A single Prometheus server can easily handle millions of time series. That's enough for a thousand servers with a thousand time series each scraped every 10 seconds. As your systems scale beyond that, Prometheus can scale too.


Initial Deployment

When starting out it's best to keep things simple. A single Prometheus server per datacenter or similar failure domain (e.g. EC2 region) can typically handle a thousand servers, so should last you for a good while. Running one per datacenter avoids having the internet or WAN links on the critical path of your monitoring.

If you've more than one datacenter, you may wish to have global aggregates of some time series. This is done with a "global Prometheus" server, which federates from the datacenter Prometheus servers.

- scrape_config:
  - job_name: dc_prometheus
    honor_labels: true
    metrics_path: /federate
        - '{__name__=~"^job:.*"}'   # Request all job-level time series
      - targets:
        - dc1-prometheus:9090
        - dc2-prometheus:9090

It's suggested to run two global Prometheis in different datacenters. This keeps your global monitoring working even if one datacenter has an outage.


Splitting By Use

As you grow you'll come to a point where a single Prometheus isn't quite enough. The next step is to run multiple Prometheus servers per datacenter. Each one will own monitoring for some team or slice of the stack. A first pass may result in fronted, backend and machines (node exporter) for example.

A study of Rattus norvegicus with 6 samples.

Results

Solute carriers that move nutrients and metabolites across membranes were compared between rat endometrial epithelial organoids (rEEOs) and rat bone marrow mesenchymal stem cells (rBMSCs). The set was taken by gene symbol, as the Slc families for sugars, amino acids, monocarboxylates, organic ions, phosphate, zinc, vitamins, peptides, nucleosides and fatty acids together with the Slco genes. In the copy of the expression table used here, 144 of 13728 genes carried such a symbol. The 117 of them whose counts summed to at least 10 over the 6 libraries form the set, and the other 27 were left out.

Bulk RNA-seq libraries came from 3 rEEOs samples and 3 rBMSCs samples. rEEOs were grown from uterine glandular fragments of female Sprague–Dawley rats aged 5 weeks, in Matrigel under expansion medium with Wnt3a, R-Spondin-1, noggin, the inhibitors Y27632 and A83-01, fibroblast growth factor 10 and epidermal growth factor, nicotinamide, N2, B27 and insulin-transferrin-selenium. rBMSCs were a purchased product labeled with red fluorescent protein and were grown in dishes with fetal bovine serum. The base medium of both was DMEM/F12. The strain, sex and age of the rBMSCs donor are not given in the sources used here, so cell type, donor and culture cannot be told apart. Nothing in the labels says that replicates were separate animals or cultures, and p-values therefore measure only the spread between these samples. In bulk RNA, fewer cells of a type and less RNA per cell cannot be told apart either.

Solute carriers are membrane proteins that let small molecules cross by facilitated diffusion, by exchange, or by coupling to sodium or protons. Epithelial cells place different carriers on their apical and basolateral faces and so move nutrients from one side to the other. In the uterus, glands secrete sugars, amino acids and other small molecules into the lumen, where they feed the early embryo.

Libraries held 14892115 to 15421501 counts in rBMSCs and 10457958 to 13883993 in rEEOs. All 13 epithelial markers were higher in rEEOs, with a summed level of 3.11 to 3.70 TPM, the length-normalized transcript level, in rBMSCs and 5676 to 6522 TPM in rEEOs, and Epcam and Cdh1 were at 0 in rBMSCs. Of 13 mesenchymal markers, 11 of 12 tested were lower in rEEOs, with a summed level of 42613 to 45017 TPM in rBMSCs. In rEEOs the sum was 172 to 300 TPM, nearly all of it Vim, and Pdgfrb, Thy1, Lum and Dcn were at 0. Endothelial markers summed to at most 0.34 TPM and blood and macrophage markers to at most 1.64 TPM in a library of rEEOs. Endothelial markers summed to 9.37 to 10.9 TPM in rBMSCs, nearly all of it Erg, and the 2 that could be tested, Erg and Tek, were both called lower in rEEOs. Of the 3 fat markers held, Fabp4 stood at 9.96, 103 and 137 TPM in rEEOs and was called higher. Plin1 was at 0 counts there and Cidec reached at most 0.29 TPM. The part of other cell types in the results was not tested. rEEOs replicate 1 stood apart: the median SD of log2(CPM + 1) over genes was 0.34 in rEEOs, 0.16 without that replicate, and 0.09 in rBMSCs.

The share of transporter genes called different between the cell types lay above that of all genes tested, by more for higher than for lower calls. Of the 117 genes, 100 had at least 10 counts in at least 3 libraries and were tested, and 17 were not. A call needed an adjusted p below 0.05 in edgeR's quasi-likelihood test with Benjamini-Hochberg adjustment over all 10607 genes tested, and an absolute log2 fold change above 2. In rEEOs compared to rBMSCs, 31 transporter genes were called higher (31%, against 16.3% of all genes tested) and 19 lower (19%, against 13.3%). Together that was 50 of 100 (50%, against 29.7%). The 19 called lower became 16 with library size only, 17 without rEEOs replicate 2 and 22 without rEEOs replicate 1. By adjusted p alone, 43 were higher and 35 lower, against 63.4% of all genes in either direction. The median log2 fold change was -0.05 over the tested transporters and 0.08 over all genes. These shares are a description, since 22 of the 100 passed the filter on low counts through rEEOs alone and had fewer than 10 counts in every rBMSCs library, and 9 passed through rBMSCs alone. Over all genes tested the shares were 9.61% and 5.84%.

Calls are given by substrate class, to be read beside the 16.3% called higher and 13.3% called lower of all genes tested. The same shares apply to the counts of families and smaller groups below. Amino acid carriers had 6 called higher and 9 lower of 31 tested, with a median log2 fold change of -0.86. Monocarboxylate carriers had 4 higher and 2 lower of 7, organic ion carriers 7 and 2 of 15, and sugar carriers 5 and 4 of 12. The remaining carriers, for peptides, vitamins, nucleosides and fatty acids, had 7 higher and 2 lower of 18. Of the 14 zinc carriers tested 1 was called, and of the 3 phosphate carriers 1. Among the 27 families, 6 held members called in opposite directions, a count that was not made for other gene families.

As you continue to grow, this process can be repeated. MySQL and Cassandra monitoring may end up with their own Prometheis, or each Cassandra cluster may have a Prometheus server dedicated to it.

You may also wish to start splitting by use before there are performance issues, as teams may not want to share Prometheis or to improve isolation.


Horizontal Sharding

When you can't subdivide Prometheus servers any longer, the final step in scaling is to scale out. This usually requires that a single job has thousands of instances, a scale that most users never reach. This is more complex setup and is much more involved to manage than a normal Prometheus deployment, so should be avoided for as long as you can.

The architecture is to have multiple sharded Prometheis, each scraping a subset of the targets and aggregating them up within the shard. A leader federates the aggregates produced by the shards, and then the leader aggregates them up to the job level.

On the shards you can use a hash of the address to select only some targets to scrape:

    shard: 1  # This is the 2nd shard. This prevents clashes between shards.
  - job_name: some_job
    # Add usual service discovery here, such as static_configs
    - source_labels: [__address__]
      modulus:       4    # 4 shards
      target_label:  __tmp_hash
      action:        hashmod
    - source_labels: [__tmp_hash]
      regex:         ^1$  # This is the 2nd shard
      action:        keep

And the leader federates from the shards:

- scrape_config:
  - job_name: shards
    honor_labels: true
    metrics_path: /federate
        - '{__name__=~"^shard:.*"}'   # Request all shard-level time series
      - targets:
        - shard0:9090
        - shard1:9090
        - shard3:9090
        - shard4:9090

Information for dashboards is usually taken from the leader. If you wanted to drill down to a particular target, you'd do so via its shard.